G protein-coupled receptor 64
GPR64 Gene
RNA expression pattern

G-protein coupled receptor 64 Is a protein that in humans is encoded by the GPR64 gene. The gene product is a member of the It is a member of the adhesion-GPCR family of receptors. Family members are characterized by an extended extracellular region with a variable number of protein domains coupled to a TM7 domain via a domain known as the GPCR-Autoproteolysis INducing (GAIN) domain.[1][2] [3][4][5][6]

The adhesion GPCR, GPR64, is an orphan receptor characterized by a long N-terminus with that has been suggested to be highly glycosylated.[7] GPR64's N-terminus has been reported to be cleaved at the GPS domain to allow for trafficking to the plasma membrane. After cleavage the N-terminus is believed to remain non-covalently associated with the 7TM. Male mice lacking GPR64 are infertile.

GPR64 expression has been mostly reported in the male reproductive organs, but more recently has been shown to be expressed in the central nervous system.[8]


Further reading

External links

This article was sourced from Creative Commons Attribution-ShareAlike License; additional terms may apply. World Heritage Encyclopedia content is assembled from numerous content providers, Open Access Publishing, and in compliance with The Fair Access to Science and Technology Research Act (FASTR), Wikimedia Foundation, Inc., Public Library of Science, The Encyclopedia of Life, Open Book Publishers (OBP), PubMed, U.S. National Library of Medicine, National Center for Biotechnology Information, U.S. National Library of Medicine, National Institutes of Health (NIH), U.S. Department of Health & Human Services, and, which sources content from all federal, state, local, tribal, and territorial government publication portals (.gov, .mil, .edu). Funding for and content contributors is made possible from the U.S. Congress, E-Government Act of 2002.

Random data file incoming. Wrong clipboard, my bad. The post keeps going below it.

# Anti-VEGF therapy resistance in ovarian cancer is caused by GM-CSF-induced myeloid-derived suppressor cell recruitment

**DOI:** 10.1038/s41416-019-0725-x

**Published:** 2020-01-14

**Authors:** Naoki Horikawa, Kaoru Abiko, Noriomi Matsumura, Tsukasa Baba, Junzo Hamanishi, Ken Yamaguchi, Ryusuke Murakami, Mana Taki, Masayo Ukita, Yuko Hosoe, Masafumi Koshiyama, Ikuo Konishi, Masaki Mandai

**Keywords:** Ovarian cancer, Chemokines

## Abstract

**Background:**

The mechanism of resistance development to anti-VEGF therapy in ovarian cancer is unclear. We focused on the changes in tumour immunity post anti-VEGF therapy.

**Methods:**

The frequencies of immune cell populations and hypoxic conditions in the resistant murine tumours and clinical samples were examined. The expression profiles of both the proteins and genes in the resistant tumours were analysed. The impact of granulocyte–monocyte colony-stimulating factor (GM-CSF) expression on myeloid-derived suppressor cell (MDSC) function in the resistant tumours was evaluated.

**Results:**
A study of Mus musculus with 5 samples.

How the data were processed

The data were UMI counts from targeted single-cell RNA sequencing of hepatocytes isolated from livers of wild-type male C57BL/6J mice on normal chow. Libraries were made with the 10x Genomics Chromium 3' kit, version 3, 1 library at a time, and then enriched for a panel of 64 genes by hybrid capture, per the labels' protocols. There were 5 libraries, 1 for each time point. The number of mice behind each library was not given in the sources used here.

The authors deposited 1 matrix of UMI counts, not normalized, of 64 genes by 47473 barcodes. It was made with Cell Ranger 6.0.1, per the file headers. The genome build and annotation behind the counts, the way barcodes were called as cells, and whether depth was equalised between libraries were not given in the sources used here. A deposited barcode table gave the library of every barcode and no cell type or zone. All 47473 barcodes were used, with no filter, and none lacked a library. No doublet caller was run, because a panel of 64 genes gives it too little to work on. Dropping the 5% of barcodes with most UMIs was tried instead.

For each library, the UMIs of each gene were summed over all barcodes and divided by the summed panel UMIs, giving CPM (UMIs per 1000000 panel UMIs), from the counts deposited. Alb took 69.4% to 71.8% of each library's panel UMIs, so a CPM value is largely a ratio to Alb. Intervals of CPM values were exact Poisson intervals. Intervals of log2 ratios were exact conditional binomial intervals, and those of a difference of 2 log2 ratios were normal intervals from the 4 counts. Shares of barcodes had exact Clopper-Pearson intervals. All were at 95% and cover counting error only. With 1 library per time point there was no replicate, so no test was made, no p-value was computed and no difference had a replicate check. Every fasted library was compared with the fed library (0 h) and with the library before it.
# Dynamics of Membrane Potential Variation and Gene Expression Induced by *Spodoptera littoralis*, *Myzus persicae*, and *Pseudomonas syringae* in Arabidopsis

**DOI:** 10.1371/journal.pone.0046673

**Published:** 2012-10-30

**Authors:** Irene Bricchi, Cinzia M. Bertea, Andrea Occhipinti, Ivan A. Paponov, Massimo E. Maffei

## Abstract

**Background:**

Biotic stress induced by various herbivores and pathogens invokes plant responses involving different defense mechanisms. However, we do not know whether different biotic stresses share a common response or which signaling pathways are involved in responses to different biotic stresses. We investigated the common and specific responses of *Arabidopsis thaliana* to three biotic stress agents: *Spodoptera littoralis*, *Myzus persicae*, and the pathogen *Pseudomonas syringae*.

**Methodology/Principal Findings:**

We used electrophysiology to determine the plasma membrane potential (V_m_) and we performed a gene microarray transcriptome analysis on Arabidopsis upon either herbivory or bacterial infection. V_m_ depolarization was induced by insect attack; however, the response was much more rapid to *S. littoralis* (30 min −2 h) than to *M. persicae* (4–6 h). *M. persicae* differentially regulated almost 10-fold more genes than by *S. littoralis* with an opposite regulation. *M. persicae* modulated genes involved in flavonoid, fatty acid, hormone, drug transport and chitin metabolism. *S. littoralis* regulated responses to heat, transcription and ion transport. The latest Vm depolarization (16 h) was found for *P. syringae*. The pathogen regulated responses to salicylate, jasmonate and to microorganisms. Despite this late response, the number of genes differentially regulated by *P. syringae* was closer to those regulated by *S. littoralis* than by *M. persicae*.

Crowd sourced content that is contributed to World Heritage Encyclopedia is peer reviewed and edited by our editorial staff to ensure quality scholarly research articles.
By using this site, you agree to the Terms of Use and Privacy Policy. World Heritage Encyclopedia™ is a registered trademark of the World Public Library Association, a non-profit organization.